We are one step closer to a statutory duty of candour, as the Health (Tobacco, Nicotine etc. and Care) (Scotland) Bill has gained the backing of the Scottish Parliament’s Health Committee.

In its stage 1 report published today, the committee gives the Bill its full support. If passed, it will introduce not only a legal duty of candour for health and social care organisations but also a new criminal offence of wilful neglect or ill-treatment

The majority of responses at the consultation stage supported the duty of candour. The committee recognised that for doctors regulated by the GMC, this is nothing new. Saying sorry and being honest when things go wrong has long been a respected professional obligation. Yet inconsistencies can arise, as other health care workers are not subject to such a stringent code of conduct. The Bill’s proposal to apply the duty to organisations, rather than directly on individuals, was welcomed by the committee as it ensures a consistent approach. Importantly, the committee agreed that an apology should not be treated as an admission of negligence – that would make the duty unworkable.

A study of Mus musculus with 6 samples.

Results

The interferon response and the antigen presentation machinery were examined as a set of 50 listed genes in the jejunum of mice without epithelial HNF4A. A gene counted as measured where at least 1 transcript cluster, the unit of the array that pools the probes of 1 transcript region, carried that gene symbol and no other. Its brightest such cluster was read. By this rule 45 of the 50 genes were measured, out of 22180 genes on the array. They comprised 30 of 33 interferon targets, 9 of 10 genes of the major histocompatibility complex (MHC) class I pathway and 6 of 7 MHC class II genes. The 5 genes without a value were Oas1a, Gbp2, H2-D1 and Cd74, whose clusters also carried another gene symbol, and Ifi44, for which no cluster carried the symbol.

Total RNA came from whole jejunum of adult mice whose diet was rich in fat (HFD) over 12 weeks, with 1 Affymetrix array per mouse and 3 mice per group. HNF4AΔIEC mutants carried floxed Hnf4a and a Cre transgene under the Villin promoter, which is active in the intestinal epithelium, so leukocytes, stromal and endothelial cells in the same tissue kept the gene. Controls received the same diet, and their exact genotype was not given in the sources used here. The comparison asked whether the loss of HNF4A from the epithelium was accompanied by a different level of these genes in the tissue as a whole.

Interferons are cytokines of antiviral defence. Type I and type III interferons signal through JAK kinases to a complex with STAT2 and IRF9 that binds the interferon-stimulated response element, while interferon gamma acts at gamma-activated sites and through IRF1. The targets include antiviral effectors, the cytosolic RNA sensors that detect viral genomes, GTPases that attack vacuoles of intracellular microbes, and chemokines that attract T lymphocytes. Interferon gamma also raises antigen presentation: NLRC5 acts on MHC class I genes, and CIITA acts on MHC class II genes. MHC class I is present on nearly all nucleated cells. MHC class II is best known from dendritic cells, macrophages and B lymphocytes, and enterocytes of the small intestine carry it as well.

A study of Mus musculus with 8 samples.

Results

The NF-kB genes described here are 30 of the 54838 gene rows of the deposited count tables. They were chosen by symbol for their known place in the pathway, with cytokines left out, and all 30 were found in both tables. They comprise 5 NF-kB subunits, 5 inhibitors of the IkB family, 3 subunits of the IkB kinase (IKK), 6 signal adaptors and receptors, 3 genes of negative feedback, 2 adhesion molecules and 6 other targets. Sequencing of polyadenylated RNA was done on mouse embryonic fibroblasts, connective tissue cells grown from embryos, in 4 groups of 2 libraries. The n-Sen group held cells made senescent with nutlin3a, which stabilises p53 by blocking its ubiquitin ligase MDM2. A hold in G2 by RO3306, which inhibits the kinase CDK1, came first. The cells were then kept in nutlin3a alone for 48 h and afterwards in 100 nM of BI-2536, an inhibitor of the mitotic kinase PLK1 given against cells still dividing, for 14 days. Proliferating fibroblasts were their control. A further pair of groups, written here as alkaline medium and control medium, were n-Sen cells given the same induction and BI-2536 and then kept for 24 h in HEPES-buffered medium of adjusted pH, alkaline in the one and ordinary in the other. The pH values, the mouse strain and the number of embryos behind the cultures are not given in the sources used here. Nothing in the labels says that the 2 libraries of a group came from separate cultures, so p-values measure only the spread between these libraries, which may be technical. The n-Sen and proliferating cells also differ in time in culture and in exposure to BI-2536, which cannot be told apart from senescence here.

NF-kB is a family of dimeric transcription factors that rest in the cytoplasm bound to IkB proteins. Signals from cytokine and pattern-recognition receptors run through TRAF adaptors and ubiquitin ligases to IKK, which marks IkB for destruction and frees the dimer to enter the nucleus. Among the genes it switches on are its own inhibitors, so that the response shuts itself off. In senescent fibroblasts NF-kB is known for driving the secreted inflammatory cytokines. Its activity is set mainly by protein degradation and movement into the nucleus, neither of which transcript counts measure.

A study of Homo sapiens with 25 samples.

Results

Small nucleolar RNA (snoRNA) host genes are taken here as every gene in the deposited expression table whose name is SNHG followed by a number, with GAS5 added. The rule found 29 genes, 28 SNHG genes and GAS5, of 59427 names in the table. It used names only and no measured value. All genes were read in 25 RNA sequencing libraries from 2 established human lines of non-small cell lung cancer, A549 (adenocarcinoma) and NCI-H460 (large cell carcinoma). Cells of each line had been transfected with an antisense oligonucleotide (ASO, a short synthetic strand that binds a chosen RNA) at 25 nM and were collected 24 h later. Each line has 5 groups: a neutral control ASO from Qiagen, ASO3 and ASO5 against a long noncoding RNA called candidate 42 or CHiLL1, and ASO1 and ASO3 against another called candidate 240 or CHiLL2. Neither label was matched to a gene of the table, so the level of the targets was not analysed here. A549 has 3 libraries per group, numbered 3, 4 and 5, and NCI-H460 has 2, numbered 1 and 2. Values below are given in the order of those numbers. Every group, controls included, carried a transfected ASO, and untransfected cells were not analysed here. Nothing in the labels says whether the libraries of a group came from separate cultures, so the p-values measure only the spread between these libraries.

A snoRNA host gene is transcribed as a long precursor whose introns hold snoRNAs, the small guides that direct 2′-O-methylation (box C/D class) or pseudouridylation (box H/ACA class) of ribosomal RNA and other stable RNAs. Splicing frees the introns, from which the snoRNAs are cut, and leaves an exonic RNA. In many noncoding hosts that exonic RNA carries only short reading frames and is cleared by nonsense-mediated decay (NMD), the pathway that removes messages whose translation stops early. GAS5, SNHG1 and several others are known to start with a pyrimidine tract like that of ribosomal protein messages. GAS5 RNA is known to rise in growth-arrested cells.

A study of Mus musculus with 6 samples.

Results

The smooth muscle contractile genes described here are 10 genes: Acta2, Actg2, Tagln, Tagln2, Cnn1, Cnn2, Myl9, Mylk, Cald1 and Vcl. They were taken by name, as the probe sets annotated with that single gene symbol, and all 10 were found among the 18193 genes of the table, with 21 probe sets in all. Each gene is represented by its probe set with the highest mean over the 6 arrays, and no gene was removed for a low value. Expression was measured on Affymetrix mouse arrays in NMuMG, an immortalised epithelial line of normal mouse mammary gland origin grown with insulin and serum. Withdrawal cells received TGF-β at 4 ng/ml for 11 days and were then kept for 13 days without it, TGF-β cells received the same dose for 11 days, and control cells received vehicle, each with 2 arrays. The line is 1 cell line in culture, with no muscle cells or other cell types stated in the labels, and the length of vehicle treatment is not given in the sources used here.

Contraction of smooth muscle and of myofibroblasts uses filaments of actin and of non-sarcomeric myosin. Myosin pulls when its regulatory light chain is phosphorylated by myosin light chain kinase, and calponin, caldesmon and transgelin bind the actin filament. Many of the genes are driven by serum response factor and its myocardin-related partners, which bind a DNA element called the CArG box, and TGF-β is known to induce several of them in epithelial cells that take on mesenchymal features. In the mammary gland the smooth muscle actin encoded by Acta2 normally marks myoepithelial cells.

The new offence of “wilful neglect or ill-treatment” proved more controversial, attracting the support of only 60% of responses. Care workers convicted would face a maximum of five years in prison, or a hefty £10,000 fine. Care organisations could also be prosecuted and made subject to a remedial or publicity order. The Royal College of Nursing expressed concern that people might face criminalisation for simple errors, or that those taking orders from more senior staff might be unfairly penalised. The Medical Protection Society highlighted that the new offence might deter people from entering the medical or social care sector at all.

In response, the committee clarified that the offence will only be triggered by actions which are deliberate and called on the Scottish Government to provide training, support and education. One wonders whether they had in mind junior doctors who deliberately vote for strike action and wilfully don’t come in to work.

As the Bill progresses to stage 2, it looks ever more likely the duty of candour will become law in Scotland. In future, when healthcare organisations find themselves in a sad, sad situation... sorry can no longer be the hardest word.